558 F2d 782 Beam v. W J Estelle

558 F.2d 782

William Alexander BEAM, Petitioner-Appellee,
W. J. ESTELLE, Jr., Director, Texas Department of
Corrections, Respondent-Appellant.

No. 76-2855.

United States Court of Appeals,
Fifth Circuit.

Sept. 1, 1977.

John L. Hill, Atty. Gen., Robert E. DeLong, Jr., Asst. Atty. Gen., David M. Kendall, First Asst. Atty. Gen., Joe B. Dibrell, Jr., Asst. Atty. Gen., Austin, Tex., for respondent-appellant.

H. Kelly Ireland, Tyler, Tex. (Court-appointed), for petitioner-appellee.

Appeal from the United States District Court for the Eastern District of Texas.

Before THORNBERRY, AINSWORTH and RONEY, Circuit Judges.




At petitioner's trial for armed robbery, the state introduced evidence that petitioner stated to the arresting officer, "It wasn't my idea." Petitioner claims that the statement was elicited by a question asked by the officer, prior to giving Miranda warnings. The state claims that the petitioner's statement was made prior to any question asked by the officer. Unfortunately, the officer's testimony at trial is ambiguous and inconclusive.2 The Texas Court of Criminal Appeals, in the state appellate proceedings in this case, found that the statement was made in response to the officer's question, but was admissible as res gestae. Beam v. State, 500 S.W.2d 802, 804 (Tex.Cr.App.1973). That court affirmed the conviction.


The federal district court in the federal habeas corpus action followed the Court of Criminal Appeals' determination that the statement was made in response to a question, but held the admission of the statement to be error as a violation of Miranda, since state evidence law (the res gestae argument) does not override federal constitutional law. The court then held the admission of the statement not to be harmless error, and granted the petition.


But in Pilcher v. Estelle, 528 F.2d 623 (5 Cir. 1976), the Fifth Circuit, reviewing the same state court transcript as involved in this case,3 held that the statement in question was volunteered, and was made prior to any police questioning. 528 F.2d at 624. While the district court's finding in this case that the statement followed a police question could not be termed clearly erroneous, the district court is bound to follow the Fifth Circuit's view of the law and the evidence. Our panel, also, must follow the decisions of earlier panels. The Fifth Circuit views this evidence as a volunteered statement. As such, it does not violate Miranda.


Accordingly, the judgment of the district court is REVERSED.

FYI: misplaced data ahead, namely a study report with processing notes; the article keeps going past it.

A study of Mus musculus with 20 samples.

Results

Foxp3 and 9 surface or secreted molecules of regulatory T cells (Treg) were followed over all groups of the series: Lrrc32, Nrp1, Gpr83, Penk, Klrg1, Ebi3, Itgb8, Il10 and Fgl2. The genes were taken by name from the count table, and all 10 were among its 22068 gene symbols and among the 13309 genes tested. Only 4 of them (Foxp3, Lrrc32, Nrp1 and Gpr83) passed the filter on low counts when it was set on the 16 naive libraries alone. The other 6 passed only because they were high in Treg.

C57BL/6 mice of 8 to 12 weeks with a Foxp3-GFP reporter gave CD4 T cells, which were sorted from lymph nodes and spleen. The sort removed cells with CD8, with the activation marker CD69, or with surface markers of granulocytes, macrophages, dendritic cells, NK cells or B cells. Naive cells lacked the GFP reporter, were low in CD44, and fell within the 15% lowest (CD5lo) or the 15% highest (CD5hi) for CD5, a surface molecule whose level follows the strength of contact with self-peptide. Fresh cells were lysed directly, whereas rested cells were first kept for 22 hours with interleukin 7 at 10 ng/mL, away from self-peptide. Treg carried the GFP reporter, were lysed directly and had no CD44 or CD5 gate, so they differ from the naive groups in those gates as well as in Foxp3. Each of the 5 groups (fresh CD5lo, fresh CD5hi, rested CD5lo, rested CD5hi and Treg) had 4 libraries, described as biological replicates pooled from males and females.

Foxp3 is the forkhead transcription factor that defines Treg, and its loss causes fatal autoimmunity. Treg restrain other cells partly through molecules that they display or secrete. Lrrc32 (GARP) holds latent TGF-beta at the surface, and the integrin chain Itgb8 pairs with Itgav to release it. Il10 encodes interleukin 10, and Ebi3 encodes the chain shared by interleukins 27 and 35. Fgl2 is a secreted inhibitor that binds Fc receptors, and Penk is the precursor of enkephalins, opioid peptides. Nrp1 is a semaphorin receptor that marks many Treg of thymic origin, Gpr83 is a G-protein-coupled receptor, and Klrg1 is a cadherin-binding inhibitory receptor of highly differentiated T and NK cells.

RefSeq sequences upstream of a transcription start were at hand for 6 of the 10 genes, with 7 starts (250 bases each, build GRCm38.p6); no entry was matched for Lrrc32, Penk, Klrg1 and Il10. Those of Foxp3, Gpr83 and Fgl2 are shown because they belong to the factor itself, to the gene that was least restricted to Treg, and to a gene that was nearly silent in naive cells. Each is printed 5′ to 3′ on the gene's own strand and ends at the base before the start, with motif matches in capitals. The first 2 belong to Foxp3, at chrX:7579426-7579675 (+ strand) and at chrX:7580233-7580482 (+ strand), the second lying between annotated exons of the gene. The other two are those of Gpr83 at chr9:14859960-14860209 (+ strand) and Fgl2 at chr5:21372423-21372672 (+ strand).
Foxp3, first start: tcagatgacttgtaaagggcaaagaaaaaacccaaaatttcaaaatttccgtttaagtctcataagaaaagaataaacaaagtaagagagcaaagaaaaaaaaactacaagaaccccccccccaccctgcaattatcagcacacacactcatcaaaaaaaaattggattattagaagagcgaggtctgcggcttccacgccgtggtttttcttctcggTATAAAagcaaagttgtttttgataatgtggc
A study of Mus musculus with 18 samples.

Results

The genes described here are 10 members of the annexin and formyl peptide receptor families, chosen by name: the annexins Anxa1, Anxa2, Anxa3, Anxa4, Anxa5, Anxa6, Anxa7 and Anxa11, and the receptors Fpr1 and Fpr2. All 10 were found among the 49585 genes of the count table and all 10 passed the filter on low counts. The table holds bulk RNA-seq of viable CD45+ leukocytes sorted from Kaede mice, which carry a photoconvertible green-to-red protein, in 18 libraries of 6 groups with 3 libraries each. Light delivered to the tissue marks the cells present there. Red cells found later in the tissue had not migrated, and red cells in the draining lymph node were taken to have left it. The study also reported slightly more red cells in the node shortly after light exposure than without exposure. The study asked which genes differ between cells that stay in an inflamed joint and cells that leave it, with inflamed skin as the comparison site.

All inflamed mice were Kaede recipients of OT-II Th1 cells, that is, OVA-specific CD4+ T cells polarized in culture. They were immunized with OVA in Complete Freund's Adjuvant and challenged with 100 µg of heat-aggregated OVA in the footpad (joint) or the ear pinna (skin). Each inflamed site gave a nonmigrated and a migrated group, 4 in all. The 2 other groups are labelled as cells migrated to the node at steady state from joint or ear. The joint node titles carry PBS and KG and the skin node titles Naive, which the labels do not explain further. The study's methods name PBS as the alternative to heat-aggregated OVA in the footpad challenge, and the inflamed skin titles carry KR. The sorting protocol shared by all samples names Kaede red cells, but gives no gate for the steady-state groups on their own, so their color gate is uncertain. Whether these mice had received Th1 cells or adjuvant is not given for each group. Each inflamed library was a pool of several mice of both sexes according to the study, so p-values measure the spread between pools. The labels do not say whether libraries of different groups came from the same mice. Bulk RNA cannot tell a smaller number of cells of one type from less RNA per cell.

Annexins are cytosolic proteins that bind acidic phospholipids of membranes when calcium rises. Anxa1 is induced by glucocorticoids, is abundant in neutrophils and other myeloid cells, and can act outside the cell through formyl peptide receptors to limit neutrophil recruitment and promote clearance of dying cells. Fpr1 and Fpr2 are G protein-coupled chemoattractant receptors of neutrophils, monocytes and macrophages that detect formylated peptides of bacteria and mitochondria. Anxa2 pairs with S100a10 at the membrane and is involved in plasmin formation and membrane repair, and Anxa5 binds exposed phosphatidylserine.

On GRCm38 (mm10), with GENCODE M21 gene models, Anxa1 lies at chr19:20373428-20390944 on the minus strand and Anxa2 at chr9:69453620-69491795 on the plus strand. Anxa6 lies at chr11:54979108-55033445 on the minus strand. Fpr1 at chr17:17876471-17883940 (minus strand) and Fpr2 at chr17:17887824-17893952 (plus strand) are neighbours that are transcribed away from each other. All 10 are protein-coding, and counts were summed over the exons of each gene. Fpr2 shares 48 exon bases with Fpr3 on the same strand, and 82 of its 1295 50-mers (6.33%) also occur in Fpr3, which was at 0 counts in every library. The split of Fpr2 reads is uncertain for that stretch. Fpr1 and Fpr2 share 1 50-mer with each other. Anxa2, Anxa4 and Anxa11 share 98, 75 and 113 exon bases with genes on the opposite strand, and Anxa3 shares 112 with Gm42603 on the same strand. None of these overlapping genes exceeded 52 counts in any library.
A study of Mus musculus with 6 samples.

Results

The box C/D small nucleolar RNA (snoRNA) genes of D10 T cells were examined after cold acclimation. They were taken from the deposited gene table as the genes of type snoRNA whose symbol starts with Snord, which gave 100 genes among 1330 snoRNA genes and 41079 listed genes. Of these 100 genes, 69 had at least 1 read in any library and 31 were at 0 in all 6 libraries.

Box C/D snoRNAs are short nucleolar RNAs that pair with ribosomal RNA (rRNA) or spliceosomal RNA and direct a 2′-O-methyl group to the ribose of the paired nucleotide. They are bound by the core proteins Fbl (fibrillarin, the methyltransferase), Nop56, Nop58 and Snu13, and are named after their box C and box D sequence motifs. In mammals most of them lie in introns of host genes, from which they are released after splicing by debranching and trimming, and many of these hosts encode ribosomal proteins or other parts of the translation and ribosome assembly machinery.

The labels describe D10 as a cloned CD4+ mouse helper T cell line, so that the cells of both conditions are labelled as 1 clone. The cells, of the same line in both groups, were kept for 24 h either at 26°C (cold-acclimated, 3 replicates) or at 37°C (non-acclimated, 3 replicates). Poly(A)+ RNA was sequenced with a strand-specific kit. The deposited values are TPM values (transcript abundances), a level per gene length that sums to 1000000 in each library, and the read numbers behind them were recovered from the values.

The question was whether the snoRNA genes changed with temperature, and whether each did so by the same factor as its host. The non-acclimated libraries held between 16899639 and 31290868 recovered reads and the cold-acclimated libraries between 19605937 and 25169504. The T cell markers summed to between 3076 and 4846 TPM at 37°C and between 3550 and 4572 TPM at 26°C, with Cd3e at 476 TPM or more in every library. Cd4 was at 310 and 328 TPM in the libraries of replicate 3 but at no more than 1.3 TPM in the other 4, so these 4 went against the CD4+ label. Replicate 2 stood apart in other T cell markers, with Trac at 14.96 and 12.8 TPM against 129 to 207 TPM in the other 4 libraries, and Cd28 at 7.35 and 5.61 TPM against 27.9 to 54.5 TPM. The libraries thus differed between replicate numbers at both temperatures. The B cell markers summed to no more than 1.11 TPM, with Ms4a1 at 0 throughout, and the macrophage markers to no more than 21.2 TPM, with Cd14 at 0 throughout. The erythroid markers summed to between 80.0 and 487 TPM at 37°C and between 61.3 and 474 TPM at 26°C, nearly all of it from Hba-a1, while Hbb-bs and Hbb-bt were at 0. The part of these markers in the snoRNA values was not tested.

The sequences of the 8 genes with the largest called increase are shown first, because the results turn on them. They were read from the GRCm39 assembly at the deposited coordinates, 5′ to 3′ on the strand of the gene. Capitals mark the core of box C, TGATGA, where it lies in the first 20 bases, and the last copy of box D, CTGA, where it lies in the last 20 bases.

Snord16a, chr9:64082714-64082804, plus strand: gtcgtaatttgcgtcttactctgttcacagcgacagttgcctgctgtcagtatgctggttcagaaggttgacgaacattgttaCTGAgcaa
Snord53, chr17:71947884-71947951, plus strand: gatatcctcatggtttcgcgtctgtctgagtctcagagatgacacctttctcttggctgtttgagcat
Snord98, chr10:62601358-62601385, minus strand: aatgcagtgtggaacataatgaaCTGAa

The federal habeas petition as originally filed contained a claim that was not included in the state habeas petition and thus was not exhausted. This claim asserts denial of a constitutional right to self-representation on appeal. At the hearing on the federal habeas petition, however, the petitioner took the stand and waived the claim. The court questioned him closely before accepting the waiver. See R. Vol. III at 23-26. Subsequently, however, petitioner apparently sent a letter to Judge Rives of this Court, in which he objected to what he considered to be counsel's improper waiver of the pro se appeal claim. In his brief and in oral argument before this Court, however, petitioner's counsel stated his belief that petitioner knowingly and intelligently waived the unexhausted claim

The petitioner's waiver of the unexhausted constitutional claim at the evidentiary hearing on his habeas petition is valid and binding. Therefore, the exhaustion problems of that claim evaporate. It is as though the federal habeas petition never raised the claim.


The officer testified, in relevant part:

Q. Okay, at that time did the Defendant, William Alexander Beam, say anything to you?

A. Yes, sir, he did.

Q. What did he say?

A. He said, "It was not my idea."

Q. Did he say anything else?

A. No, sir, that's all he would say.

Q. Officer Schwebel, you say this was about a minute and a half after you first arrested these Defendants?

A. Yes, sir, I would say, approximately.

Q. Where were they when this conversation took place?

A. Seated in the squad car.

Q. They were both inside your car?

A. Yes, sir, they were.

Q. And did you ask them any questions at all?

A. Well, I only asked him if they wanted to tell me what the story was. Mr. Beam, he stated that he wasn't involved either, that's all he would keep saying and I said, "Well, who's idea was it," and he never would say, so

Q. So what Mr. Beam said, then, was in response to a question you asked him about what the story was, wasn't it?

A. I don't believe I asked him anything, he sat in the car and I proceeded to place Mr. Pilcher back and then I went and sat down under the steering wheel of the car and then the man stated to me, "It was not my idea," before any questioning had been done on my part.

Q. I believe you told us just a little while ago that you had asked him some questions about if they wanted to tell you what happened and he said, "It wasn't my idea;" now, which time do you think was correct?

A. Well, the man made a statement to me before I had asked him any questions.

R. at 300-02. (State Court Transcript at 162-64).